New York Islanders goaltending prospects Jakub Skarek (left), Henrik Tikkanen (center) & Tristan Lennox (right)

The New York Islanders had three goaltenders attend rookie camp, in Jakub Skarek, Henrik Tikkanen, and Tristan Lennox. Here are our observations, and analysis, along with quotes on the New York Islanders goalie prospects:

Jakub Skarek

Drafted 72nd overall in the 2018 NHL Draft, the 22-year-old Jakub Skarek is gearing up for his fourth season with the Bridgeport Islanders. In 2021-22, Skarek played in a career-high 37 games, with an .896 SV% and a 3.30 GAA. Add a shutout to that stats ledger.

Skarek posted a 16-15-4 record. He ‘gave up the fifth most goals in the AHL (116) but made the 12th-most saves (1,120).

The NHL veteran Cory Schneider served as Skarek’s partner and mentor, which helped with his growth.

“I think each year he’s getting more and more confident, more and more comfortable in North America,” Bridgeport Islanders head coach Brent Thompson said. “Last year, he took great strides. Early in the year, he was dominant. He had a great teacher with Schneider and they kind of communicated, had a great relationship. So what they built last year was good for Jakub.”

“And then, you know, now he just seems more confident and more mature.”

Thompson added that each player matures at a different pace and they will take it one step at a time as Skarek progresses.

AHL veteran and NHL hopeful, 27-year-old defenseman Grant Hutton joined Bridgeport a year before Skarek. So if anyone knows Skarek, it’s Hutton. What about Skarek stands out?

“I think first and foremost, it’s his work ethic,” Hutton said. “[He’s] the first guy to the rink every single day. He’s the last guy to leave. And he brings people with him, right? Like you see the work that he’s putting in.”

“He demands the best from himself and that demand makes you demand the best of yourself, as well as his teammates. “He’s such a good kid, and he’s got a big heart and worked so hard, and it’s been fun seeing him grow.”

Notes: Besides the equipment matching that of former Islander Thomas Greiss, they play a similar style. Throughout the drills, Skarek never seemed to panic, controlling his movements as well as his rebounds. He was what you would call steady. At times, he would be a little too far back in his crease, which led to some struggles with screens. He is strong in-tight and very flexible.

Henrik Tikkanen

Ben Bishop, before he retired, was the tallest goaltender in the NHL, standing at 6’7. Well, New York Islanders’ seventh-round pick back in 2020, Henrik Tikkanen, stands at 6’8.

Development camp was the first time Tikkanen took the ice in North America, as he has been playing over in Europe.

This past season, with MODO Hockey Ornskoldsvik of the Swedish Hockey League, Tikkanen posted a .903 SV% with a 2.50 GAA in 19 games (13-4-0).

With Skarek and Schneider manning the crease in Bridgeport, Tikkanen will report to the ECHL, as he will fight with Ken Appleby for minutes with the Worcester Railers.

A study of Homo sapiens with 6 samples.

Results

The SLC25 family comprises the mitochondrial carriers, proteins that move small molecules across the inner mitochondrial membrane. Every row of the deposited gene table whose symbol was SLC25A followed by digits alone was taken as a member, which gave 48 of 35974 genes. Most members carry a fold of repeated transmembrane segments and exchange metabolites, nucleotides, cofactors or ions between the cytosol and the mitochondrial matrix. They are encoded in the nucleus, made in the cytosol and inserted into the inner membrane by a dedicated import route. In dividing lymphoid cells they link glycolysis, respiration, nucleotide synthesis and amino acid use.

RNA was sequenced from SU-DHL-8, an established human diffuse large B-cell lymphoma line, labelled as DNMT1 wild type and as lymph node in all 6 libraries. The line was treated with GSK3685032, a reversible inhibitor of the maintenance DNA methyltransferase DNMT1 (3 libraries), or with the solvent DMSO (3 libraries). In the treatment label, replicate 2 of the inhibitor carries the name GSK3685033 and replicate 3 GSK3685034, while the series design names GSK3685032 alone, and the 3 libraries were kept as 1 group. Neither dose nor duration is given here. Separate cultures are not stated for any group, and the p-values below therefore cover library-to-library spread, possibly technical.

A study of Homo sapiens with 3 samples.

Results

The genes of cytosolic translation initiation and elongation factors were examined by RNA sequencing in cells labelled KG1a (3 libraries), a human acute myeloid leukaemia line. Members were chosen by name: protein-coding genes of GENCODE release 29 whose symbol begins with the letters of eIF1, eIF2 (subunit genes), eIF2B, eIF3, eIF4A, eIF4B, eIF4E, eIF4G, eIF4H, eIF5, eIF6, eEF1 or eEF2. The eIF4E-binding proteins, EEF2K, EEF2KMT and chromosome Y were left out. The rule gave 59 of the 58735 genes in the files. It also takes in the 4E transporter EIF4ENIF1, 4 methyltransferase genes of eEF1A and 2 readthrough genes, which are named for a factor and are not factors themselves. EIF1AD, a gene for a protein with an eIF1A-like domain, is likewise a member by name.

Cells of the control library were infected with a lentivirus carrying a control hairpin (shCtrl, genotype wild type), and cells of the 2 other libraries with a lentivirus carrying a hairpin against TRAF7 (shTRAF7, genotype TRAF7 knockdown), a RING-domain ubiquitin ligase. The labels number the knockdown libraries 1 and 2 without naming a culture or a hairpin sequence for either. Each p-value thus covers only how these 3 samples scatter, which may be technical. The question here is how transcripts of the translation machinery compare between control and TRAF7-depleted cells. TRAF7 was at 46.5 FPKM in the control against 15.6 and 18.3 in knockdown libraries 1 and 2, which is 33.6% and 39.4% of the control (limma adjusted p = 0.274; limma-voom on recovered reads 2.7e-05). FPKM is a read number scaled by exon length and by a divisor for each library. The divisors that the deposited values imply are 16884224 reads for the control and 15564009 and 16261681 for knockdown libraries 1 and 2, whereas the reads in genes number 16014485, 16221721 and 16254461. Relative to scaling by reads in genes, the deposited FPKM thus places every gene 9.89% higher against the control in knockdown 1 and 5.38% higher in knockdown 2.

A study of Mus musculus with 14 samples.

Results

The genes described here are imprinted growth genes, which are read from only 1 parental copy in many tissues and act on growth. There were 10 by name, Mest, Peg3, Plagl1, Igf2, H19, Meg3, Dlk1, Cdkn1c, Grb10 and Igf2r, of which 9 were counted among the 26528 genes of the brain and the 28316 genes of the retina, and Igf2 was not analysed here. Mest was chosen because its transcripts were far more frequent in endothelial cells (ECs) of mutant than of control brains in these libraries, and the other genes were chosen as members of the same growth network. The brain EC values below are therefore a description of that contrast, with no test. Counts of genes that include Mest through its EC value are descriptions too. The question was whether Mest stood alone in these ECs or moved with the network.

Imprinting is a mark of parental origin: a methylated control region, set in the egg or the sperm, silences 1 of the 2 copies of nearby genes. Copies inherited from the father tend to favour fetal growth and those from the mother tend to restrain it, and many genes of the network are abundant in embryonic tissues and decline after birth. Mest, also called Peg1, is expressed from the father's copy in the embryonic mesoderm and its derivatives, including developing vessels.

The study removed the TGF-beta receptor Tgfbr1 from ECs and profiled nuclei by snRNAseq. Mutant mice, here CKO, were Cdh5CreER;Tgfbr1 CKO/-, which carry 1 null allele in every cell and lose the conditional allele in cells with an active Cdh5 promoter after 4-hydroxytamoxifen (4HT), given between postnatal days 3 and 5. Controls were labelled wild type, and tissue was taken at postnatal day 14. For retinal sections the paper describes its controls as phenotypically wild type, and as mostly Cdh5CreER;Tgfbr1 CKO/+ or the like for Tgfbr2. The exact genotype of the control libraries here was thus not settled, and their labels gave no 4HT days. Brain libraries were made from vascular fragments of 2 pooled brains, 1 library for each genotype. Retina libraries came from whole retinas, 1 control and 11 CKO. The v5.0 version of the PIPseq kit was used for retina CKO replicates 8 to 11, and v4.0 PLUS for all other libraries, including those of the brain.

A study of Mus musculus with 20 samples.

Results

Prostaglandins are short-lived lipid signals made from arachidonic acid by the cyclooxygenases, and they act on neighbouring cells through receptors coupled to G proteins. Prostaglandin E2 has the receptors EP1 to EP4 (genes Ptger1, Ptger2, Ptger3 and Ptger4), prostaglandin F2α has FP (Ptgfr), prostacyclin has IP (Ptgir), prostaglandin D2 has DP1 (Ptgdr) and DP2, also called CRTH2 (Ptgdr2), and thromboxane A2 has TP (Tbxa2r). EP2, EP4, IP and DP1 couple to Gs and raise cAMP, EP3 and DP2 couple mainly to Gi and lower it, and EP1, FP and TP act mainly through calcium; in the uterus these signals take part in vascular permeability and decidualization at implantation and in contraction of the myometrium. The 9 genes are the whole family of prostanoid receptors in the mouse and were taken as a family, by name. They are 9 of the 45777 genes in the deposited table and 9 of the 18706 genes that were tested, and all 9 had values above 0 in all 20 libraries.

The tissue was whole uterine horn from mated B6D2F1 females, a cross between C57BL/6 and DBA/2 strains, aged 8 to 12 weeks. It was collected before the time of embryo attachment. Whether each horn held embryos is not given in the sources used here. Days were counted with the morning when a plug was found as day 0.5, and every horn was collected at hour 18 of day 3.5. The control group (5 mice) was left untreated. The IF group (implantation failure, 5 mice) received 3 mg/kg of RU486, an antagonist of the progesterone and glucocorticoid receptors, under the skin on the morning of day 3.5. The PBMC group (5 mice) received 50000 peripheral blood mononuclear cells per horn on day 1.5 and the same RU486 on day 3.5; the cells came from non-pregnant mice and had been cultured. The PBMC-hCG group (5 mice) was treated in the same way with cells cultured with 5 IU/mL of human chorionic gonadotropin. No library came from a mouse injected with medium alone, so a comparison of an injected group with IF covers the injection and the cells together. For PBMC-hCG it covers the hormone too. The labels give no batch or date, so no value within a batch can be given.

“It’s hard, you look at the net and you see someone so big you don’t see much, right? So it’s a challenge,” Hutton said.

“Guess you just gotta find the spots where to shoot, you know, just find those weaknesses,” Robin Salo said.

Notes: Tikkanen might be tall, but he is slim at just 215 lbs and could use a few pounds to help him take up even more of the net. Despite his height, he gets very low in goal and does a strong job at cutting off the angles on the initial shots. Because of his length, he can make saves that very few goalies can, in desperation. But what he needs to work on his controlling the rebound on the initial shot.

Tristan Lennox

Taking in the third round of the 2021 NHL Draft, 19-year-old Tristan Lennox is likely heading back to the Saginaw Spirit of the OHL for a fourth season.

In 28 games played last season, the Ontario native recorded a 3.20 GAA with an .888 SV%. With a record of 7-20-0, it was not too pretty, as his counterpart Andrew Oak had even worse numbers as Saginaw was the second-worst team in the OHL.

New York Islanders prospect Matthew Maggio grew up playing against Tristan Lennox and shared his strengths:

“He’s always been a highly touted prospect and you can kind of tell why. I mean he’s so patient in the net… I was just talking to him about it, he’s so so calm in there, and he doesn’t really bite,” Maggio shared. “He kind of makes the shooter make the first move and kind of just reads off that, and I think that’s what makes him so good.”

“And he’s a bigger guy too (6’3). He’s potentially so sound. It’s tough to catch him out of position, and I got lucky maybe a few times last year, catching him, but no, I think he’s a great goalie. Obviously, every time I play Saginaw, you know, it’s going to be a tough night to get one by him.”

 

Notes: Lennox is a calm netminder, but has to work on being more aggressive in the crease, especially on odd-man rushes. He does have size and reads the play in front of him rather well. He shuffles with ease to get into position and tracks the puck well, even through screens. Like Tikkanen, he needs to work on his rebound control.

Final Thoughts Courtesy of Grant Hutton

“I think all three of them have been super strong and you can tell they all have good communication with each other, which I think goes a long way for their confidence. Younger guys, I mean, I think they’re just getting a feel for things. I mean, what was that day five today for us? So I think everyone started to feel more comfortable about their game and you get more comfortable with guys on the ice…They start to learn guys’ shooting tendencies and where they like to go. So, you know, the farther we get into camp, I think the more we’ll learn about, you know, the guys in this room and so far, everything’s been good.”